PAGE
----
Man/Lady vs Leader/Follower

There is a very bad trend that seems to have taken hold in Ballroom Dancing lately. Often I hear teachers referring to men as “leaders” and to women as “followers”. This is extremely damaging to the art of partner dancing for a number of reasons.

I object to the use of terms “leader” and “follower” because they imply a separation of leading and following, which is false. There is, in fact, very little, if any, separation between leading and following, and even less separation between who is “leading” and who is “following”. It is always and continually a joint exercise the entire time a couple is dancing. You cannot have leading without following and you cannot have following without leading. In fact, you cannot have “dancing” without the cooperation between the partners.

I object to the use of terms “leader” and “follower” because they imply that one person leads all the time and the other person follows all the time, which is false. When dancing, who is leading and who is following changes constantly from one partner to the other, back and forth. Partner dancing is a constant communication between the partners. It is a back and forth cooperation, a joint expression of the music. Calling one person a “leader” and the other person a follower destroys that creative collaboration — and it shows. Dancing the man’s part means taking queues from the lady at appropriate times during each figure just as much as dancing the lady’s part means taking queues from the man.

I object to the use of terms “leader” and “follower” because they imply that one role is active and the other passive, which is false. This is probably one of the most damaging things that referring to partners as “leaders” and “followers” causes. The most common problems I have in teaching Ballroom dancing is getting the ladies to not be passive dancers and getting the men to not be dominating and aggressive dancers. This problem comes from the misconception that men need to have a “strong lead” and women “just need to follow”. When men think they need to “be a leader” they over control, use too much strength, and generally overdo things. When women think they “just need to follow” they expect the men to physically push them around the dance floor, or to do everything for them. I continually encounter these problems from students who have been taught to be “leaders” and “followers”.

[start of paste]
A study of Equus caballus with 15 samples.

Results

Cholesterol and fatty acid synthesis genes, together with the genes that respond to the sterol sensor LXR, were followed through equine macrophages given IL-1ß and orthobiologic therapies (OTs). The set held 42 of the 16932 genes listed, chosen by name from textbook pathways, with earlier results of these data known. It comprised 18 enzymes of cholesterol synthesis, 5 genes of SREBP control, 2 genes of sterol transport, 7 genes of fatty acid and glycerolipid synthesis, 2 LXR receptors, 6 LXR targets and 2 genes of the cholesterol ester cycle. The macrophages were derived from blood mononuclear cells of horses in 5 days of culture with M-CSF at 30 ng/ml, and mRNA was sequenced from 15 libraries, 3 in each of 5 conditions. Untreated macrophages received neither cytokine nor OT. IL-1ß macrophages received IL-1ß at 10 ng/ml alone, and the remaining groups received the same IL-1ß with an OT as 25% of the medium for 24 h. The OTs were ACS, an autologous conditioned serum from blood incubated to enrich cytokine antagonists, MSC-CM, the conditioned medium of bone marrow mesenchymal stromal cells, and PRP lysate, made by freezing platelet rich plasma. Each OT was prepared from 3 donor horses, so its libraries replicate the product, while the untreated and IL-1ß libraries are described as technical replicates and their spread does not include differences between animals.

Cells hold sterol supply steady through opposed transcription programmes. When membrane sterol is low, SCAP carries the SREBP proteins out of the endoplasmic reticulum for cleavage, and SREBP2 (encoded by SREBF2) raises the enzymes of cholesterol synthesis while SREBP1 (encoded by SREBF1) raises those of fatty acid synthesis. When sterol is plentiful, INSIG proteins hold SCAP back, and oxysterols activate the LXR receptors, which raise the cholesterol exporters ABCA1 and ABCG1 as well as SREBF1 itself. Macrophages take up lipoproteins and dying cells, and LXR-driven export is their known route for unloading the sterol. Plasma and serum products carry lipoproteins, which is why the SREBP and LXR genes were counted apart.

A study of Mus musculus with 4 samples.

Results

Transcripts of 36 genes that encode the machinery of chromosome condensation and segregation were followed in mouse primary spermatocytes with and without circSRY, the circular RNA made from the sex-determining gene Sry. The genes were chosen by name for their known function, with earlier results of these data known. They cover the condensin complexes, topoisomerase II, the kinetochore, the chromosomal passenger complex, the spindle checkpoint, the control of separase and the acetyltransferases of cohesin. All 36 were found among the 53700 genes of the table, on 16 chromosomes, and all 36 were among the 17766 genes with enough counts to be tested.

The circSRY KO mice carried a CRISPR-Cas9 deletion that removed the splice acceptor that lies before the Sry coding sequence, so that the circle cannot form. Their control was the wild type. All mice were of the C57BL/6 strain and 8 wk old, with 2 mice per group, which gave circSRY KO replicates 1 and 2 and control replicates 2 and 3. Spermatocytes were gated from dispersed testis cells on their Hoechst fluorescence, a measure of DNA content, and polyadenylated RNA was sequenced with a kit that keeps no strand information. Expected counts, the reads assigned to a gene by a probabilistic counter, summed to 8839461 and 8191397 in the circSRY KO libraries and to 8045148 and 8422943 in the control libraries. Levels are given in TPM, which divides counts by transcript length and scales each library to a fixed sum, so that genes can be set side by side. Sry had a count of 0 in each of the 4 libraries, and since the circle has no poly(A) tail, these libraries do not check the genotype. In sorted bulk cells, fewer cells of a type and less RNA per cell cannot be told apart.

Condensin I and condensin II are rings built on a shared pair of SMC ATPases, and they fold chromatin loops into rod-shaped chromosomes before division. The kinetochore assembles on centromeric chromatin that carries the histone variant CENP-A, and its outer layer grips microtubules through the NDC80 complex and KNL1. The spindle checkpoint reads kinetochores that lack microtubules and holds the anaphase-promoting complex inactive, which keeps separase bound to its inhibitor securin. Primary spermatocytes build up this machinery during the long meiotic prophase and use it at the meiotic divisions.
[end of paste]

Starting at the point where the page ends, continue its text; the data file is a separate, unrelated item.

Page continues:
Using the terms “leader” and “follower” to refer to the partners erodes the concept that dancing is a partnership. People may say that those are just words, and they can use whatever words they choose, or that those terms imply everything I have just explained. But this is also false. Words have meanings, both literal and connotative. And words have consequences. Using the terms “leader” and “follower” to refer to men and women is demonstrably harmful to partner dancing. I have personally seen the negative effects — and the effects are severe.

Newer dancers and teachers may also claim that this is a “new idea”, that they know better (presumably because they are new and younger), or that the dance is “evolving”. These claims are all false. It’s not a new idea, they don’t know better, and it is more like a cancer than evolution. Also, see my post Respect Your Elders.

I prefer, and continue to use “man’s part” and “lady’s part” because they are truer to the art form, and are far more effective for teaching. I do not refer to the men as “leaders” and to the women as “followers”. I do not even use the terms “leader” and “follower” when I teach and I produce much better dancers by not using these terms. When 2 ladies dance together, or when 2 men dance together, one dances the man’s part and one dances the lady’s part. One is not the “leader” and one is not the “follower”. There is no “leader’s part” and there is no “follower’s part”. There is only the man’s part and the lady’s part and both parts require both leading and following.